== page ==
In the broad sense, Biohacking is a movement devoted to a kind of DIY science. Its basis is that science is for everyone and not just people in lab coats with fancy degrees. Bringing science and the scientific process to the people is ambitious, and the possibilities of what could be discovered and invented without the constraints of grant money and specific hypotheses are endless. A subset of Biohackers, however, are more interested in body modification and the potential for creating cyborgs.
Grindhouse Wetware is the company leading the body modification front. From their site:
Grindhouse evolved from a group of highly driven individuals on the biohack.me forums, to a dedicated team working towards a common goal – augmenting humanity using safe, affordable, open source technology.
Some of the hacks are purely aesthetic. Like tattoos and piercings, implanted LED lights serve no real practical purpose. But the beauty of Biohacking as a whole is that the science isn’t limited to the question of the importance of the invention. That idea is being adopted by Grindhouse to give people what they want.
[People] contacted us because they wanted to light up their tattoos. That’s how we generate our implants, we let the community inspire us.
The lights are activated by placing a magnet over the implant. The lights shine for ten seconds and then go into sleep mode. The implant will last for roughly 10,000 illuminations before the batteries die. At that point, the customer can replace the implant, or keep it as is; there’s no way to recharge the battery – yet. If there’s demand for it, you can be sure the Grindhouse team will search for a safe way to extend the life of the implant indefinitely.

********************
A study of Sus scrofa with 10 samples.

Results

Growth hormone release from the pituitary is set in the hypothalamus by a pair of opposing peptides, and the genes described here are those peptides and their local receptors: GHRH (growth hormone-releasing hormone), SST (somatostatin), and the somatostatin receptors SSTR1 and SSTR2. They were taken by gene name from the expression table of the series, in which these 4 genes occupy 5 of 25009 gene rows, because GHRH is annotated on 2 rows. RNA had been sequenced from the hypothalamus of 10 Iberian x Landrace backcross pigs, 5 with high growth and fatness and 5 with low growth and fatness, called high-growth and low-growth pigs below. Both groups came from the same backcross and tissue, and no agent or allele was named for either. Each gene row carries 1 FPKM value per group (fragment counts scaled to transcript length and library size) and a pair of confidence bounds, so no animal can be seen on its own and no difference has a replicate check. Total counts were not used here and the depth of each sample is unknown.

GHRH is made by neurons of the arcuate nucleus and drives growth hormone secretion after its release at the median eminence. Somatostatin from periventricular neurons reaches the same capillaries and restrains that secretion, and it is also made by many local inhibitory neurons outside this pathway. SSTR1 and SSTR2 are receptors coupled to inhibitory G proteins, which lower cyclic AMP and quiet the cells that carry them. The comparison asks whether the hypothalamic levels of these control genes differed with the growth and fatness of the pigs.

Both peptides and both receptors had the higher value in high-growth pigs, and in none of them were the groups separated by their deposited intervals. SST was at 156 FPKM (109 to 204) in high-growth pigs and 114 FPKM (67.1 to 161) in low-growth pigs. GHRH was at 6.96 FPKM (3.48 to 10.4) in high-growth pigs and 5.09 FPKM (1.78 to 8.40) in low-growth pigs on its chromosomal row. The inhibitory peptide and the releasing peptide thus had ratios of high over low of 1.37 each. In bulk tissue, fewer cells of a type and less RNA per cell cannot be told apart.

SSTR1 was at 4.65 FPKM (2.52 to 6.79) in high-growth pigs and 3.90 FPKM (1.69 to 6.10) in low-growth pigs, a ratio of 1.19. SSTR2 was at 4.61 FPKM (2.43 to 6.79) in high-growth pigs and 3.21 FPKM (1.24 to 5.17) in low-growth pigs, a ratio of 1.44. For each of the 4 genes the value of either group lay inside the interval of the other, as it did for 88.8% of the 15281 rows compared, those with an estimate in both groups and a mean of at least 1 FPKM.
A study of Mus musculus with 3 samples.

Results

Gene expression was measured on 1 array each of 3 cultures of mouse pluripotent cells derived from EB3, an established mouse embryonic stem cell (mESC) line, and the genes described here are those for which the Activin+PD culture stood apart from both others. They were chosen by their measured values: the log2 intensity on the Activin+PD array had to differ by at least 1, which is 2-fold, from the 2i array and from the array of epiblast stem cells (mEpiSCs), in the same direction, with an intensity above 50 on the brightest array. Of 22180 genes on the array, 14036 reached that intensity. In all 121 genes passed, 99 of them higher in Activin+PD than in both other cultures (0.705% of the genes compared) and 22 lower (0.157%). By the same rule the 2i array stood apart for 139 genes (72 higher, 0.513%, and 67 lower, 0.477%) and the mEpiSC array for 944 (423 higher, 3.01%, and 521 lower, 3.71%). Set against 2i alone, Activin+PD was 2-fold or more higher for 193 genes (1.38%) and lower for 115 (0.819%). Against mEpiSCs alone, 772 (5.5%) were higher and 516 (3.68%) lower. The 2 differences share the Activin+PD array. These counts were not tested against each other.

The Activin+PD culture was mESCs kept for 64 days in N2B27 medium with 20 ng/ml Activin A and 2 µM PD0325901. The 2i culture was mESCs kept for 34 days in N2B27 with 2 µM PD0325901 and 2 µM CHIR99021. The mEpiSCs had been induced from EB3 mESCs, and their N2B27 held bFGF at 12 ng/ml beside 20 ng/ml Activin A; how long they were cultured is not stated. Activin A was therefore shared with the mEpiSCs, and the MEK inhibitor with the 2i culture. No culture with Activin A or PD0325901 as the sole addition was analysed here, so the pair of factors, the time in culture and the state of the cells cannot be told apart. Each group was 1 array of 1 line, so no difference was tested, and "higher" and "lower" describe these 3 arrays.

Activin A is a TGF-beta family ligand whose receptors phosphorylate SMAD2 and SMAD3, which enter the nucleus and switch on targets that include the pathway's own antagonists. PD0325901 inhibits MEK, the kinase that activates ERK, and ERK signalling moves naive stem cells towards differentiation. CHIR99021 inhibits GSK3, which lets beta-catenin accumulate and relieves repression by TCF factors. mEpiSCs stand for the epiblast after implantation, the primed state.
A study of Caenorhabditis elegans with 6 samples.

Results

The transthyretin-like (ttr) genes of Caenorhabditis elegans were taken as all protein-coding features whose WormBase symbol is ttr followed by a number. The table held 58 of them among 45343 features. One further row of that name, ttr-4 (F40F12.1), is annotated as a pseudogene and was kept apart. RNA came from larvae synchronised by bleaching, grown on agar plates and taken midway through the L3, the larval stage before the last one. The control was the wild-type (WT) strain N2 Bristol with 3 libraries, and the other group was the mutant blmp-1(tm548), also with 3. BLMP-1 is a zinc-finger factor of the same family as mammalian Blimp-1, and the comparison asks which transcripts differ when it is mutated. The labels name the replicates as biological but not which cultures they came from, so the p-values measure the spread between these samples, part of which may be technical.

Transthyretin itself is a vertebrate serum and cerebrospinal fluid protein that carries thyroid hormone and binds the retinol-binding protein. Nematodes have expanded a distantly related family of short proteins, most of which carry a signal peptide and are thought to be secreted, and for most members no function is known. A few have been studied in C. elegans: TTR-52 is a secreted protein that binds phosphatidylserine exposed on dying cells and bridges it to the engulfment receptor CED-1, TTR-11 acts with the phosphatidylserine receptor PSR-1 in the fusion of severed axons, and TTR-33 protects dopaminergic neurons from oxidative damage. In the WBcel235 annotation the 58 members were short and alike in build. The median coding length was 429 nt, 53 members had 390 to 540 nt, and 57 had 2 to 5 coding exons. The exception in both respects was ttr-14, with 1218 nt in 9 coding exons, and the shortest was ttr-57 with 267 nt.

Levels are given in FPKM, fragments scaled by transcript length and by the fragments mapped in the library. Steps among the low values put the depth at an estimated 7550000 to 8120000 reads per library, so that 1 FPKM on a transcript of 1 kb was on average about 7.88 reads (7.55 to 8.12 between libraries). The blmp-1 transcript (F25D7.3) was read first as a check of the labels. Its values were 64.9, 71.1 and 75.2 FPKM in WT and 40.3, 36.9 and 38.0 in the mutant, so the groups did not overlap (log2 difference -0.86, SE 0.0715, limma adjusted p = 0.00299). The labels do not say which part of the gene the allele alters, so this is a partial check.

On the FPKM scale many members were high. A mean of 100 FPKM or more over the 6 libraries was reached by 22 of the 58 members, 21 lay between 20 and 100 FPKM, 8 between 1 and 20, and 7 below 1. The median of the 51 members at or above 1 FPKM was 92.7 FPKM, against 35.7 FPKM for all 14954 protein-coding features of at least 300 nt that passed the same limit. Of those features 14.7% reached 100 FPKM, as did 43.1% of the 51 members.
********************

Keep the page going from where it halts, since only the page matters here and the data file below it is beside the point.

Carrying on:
Not all of the hacks are about looks. Another focus of the Biohacking movement is on actively improving biology.
Applied as a temporary tattoo, the Biostamp can monitor different vitals. The Biostamp is a thin electronic mesh that stretches and moves with the skin and monitors temperature, hydration, and strain.
It could be developed for use in healthcare to monitor patients wirelessly, or be used to alert athletes when they need to hydrate for peak performance. For everyday use, the Biostamp might be worn on a day out to the beach, and it could tell you when to apply more sunscreen.
Because it will be in constant contact with the wearer’s skin, the Biostamp should be able to gather continuous information while the wearer goes about their daily life. It could then collect that information and automatically send it to a smartphone in the same way that the Fitbit does.
The Biostamp would be perfect for someone interested in something less permanent than an implant. It lasts for up to two weeks before the skin’s natural exfoliation causes it to come away. But if someone did want a more long-lasting solution, Grindhouse has the answer.
Tim Cannon took matters into his own hands, and got a chip roughly the size of a cellphone implanted in his forearm. Called the Circadia 1.0, the chip monitors biometric data much like the Biostamp does. Unlike the Biostamp, it’s open-source and allows the user full control over the data.
Users will be able to program the chip to relay the data they’re interested in receiving. So while the Circadia 1.0 seems to be a more permanent option, it also allows the user more control than the Biostamp does.
Implanting the Future
These hacks only scratch the surface of what’s possible. There’s everything from magnetic fingertips to eye implants for night vision. Soon, seeing someone walking down the street with a computer embedded in their arm will be as commonplace as seeing someone with their ears pierced. The future is now.
For more information, check out Grindhouse Wetware’s, Facebook, and YouTube channel. You can also watch the video below for more in-depth information about the LED lights implant, but be forewarned it’s not for the squeamish.